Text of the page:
North Carolina Democratic Senate hopeful Jeff Jackson said critical race theory "doesn't exist" after a voter asked for his position on the controversial curriculum.
At a Friday town hall in Columbus, Jackson refused to say whether he supports teaching critical race theory in schools, instead denying the existence of the educational theory that claims that the history of the United States, as well as modern issues, can be explained through the lens of white supremacy.
"It's literally not happening, ma'am," Jackson said. "It's not about whether we're against it or for it, it's about a party that's convinced people it's a threat, but it doesn't exist."
"Oh, it doesn't exist?" the voter responded, waving her hands in frustration. "Okay. Okay."
Democratic candidates across the country have echoed Jackson's sentiment. Virginia gubernatorial nominee Terry McAuliffe, for example, dismissed critical race theory as a "right-wing conspiracy," ignoring the fact that his top union backers have defended teaching the curriculum in schools. In New York, meanwhile, a constituent accused Rep. Sean Maloney of insulting his intelligence after the Democrat dismissed his concerns over critical race theory.
"I think somebody's trying to get you all mad about this for no reason," Maloney said before calling critical race theory "a law school academic methodology" that "a bunch of smart demagogues at Fox News" picked up "to make everybody pissed off about it."
Friday's town hall was not the first time Jackson declined to take a stance on teaching critical race theory in public schools. At a July forum in Holly Springs, the state legislator told a voter that the drafting of racial curriculum should be left to local education officials. Jackson's campaign did not return a request for comment.
While Jackson and other Democrats claim critical race theory is not being taught in K-12 classrooms, a California school district in June approved a "new Ethnic Studies policy" that is "informed by and will include Critical Race Theory and the Liberated Ethnic Studies Model Curriculum." The district's board allocated $40 million to implement the curriculum, which starts in preschool.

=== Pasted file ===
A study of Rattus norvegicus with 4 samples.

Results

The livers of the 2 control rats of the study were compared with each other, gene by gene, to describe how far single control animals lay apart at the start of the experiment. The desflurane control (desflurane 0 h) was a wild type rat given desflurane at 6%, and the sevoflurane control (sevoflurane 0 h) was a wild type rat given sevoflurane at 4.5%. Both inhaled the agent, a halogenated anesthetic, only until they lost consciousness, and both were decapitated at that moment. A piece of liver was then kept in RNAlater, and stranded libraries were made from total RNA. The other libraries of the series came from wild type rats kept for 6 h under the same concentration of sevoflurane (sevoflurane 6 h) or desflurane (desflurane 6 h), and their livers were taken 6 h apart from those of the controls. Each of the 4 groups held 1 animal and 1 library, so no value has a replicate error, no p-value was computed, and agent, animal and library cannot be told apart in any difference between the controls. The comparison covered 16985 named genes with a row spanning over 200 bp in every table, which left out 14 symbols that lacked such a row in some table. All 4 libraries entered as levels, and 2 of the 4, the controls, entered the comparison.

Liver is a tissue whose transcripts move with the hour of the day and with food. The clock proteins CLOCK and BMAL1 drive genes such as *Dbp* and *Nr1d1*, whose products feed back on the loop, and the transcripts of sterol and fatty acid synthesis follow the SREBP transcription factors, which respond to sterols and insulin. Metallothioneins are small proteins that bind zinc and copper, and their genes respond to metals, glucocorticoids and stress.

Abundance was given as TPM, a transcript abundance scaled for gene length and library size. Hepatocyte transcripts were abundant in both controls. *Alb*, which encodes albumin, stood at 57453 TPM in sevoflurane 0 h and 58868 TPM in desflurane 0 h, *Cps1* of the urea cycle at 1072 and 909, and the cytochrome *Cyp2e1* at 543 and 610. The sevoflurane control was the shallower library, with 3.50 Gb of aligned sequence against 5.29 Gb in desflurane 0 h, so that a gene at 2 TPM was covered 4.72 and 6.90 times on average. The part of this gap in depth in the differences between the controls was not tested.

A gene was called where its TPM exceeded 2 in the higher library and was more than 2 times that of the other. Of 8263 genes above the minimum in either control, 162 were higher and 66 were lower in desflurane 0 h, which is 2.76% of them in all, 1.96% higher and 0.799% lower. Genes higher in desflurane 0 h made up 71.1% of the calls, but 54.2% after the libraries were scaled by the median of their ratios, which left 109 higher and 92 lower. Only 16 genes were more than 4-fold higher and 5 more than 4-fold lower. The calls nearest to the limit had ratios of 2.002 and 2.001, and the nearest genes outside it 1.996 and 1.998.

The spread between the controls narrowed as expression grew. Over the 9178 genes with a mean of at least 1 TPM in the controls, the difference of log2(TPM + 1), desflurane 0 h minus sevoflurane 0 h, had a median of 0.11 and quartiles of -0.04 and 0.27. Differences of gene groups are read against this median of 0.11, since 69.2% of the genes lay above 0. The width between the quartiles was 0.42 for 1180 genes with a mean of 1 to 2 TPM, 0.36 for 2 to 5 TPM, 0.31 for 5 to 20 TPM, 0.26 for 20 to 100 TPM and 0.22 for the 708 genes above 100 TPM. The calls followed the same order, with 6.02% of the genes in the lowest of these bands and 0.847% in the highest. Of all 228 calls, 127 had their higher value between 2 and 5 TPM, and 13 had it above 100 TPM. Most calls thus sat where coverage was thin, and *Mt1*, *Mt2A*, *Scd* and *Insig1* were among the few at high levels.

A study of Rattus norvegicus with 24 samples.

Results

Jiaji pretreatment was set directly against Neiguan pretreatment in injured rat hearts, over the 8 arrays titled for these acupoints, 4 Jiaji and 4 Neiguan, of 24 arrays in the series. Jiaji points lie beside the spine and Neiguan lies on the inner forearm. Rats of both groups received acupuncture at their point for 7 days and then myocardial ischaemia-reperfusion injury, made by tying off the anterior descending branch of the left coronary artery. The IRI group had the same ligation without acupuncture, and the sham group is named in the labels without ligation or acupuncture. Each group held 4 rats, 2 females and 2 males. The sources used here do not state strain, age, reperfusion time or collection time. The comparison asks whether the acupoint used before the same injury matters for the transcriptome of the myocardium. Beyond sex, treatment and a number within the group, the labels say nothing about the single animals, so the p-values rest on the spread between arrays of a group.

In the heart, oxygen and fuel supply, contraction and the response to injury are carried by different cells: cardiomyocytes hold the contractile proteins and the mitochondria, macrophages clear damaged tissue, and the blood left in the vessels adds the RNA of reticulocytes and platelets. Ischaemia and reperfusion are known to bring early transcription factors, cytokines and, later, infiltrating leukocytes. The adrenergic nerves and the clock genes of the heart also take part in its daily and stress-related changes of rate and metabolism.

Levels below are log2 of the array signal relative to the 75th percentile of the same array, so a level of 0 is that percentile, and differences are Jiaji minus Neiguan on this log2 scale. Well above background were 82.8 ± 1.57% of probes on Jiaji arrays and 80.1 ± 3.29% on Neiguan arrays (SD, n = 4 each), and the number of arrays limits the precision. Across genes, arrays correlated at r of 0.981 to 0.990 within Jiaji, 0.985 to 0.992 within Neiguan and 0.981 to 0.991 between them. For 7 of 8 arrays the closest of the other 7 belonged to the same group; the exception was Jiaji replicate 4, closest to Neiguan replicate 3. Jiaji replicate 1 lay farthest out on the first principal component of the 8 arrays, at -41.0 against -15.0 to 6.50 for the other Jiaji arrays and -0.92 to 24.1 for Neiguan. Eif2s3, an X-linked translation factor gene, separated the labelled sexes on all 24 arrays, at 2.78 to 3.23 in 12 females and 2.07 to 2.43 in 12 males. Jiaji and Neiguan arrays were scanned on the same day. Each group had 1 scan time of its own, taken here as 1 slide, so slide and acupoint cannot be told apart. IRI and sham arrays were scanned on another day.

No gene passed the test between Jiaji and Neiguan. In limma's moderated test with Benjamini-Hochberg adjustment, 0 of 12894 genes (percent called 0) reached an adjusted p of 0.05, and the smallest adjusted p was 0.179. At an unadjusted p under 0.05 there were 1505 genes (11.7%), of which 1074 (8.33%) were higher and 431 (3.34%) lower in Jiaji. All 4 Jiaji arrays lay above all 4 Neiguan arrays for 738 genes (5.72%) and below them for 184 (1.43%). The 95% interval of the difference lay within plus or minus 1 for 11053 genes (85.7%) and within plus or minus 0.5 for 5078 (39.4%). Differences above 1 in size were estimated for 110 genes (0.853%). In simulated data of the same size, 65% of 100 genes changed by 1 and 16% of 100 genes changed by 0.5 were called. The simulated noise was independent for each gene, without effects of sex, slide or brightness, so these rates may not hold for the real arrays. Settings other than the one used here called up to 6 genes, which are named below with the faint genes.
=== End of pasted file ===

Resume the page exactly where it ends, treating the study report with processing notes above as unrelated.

Jackson faces a crowded primary field in his bid to replace outgoing GOP senator Richard Burr. His opponents include former North Carolina Supreme Court chief justice Cheri Beasley and former state senator Erica Smith. Smith has likened Jackson to failed Senate candidate Cal Cunningham, who lost to Republican incumbent Thom Tillis after cheating on his wife.
"Dan McCready. Cal Cunningham. And now, Jeff Jackson," Smith wrote in a June fundraising email. "When it comes to identifying candidates who can build winning campaigns and beat Republicans, the Democratic Party doesn't exactly have a great track record. That's because the Democratic establishment insists on nominating moderate candidates who can't win."
Jackson leads the primary in fundraising as of June 30, taking in $2 million to Beasley's $1.3 million and Smith's $310,000.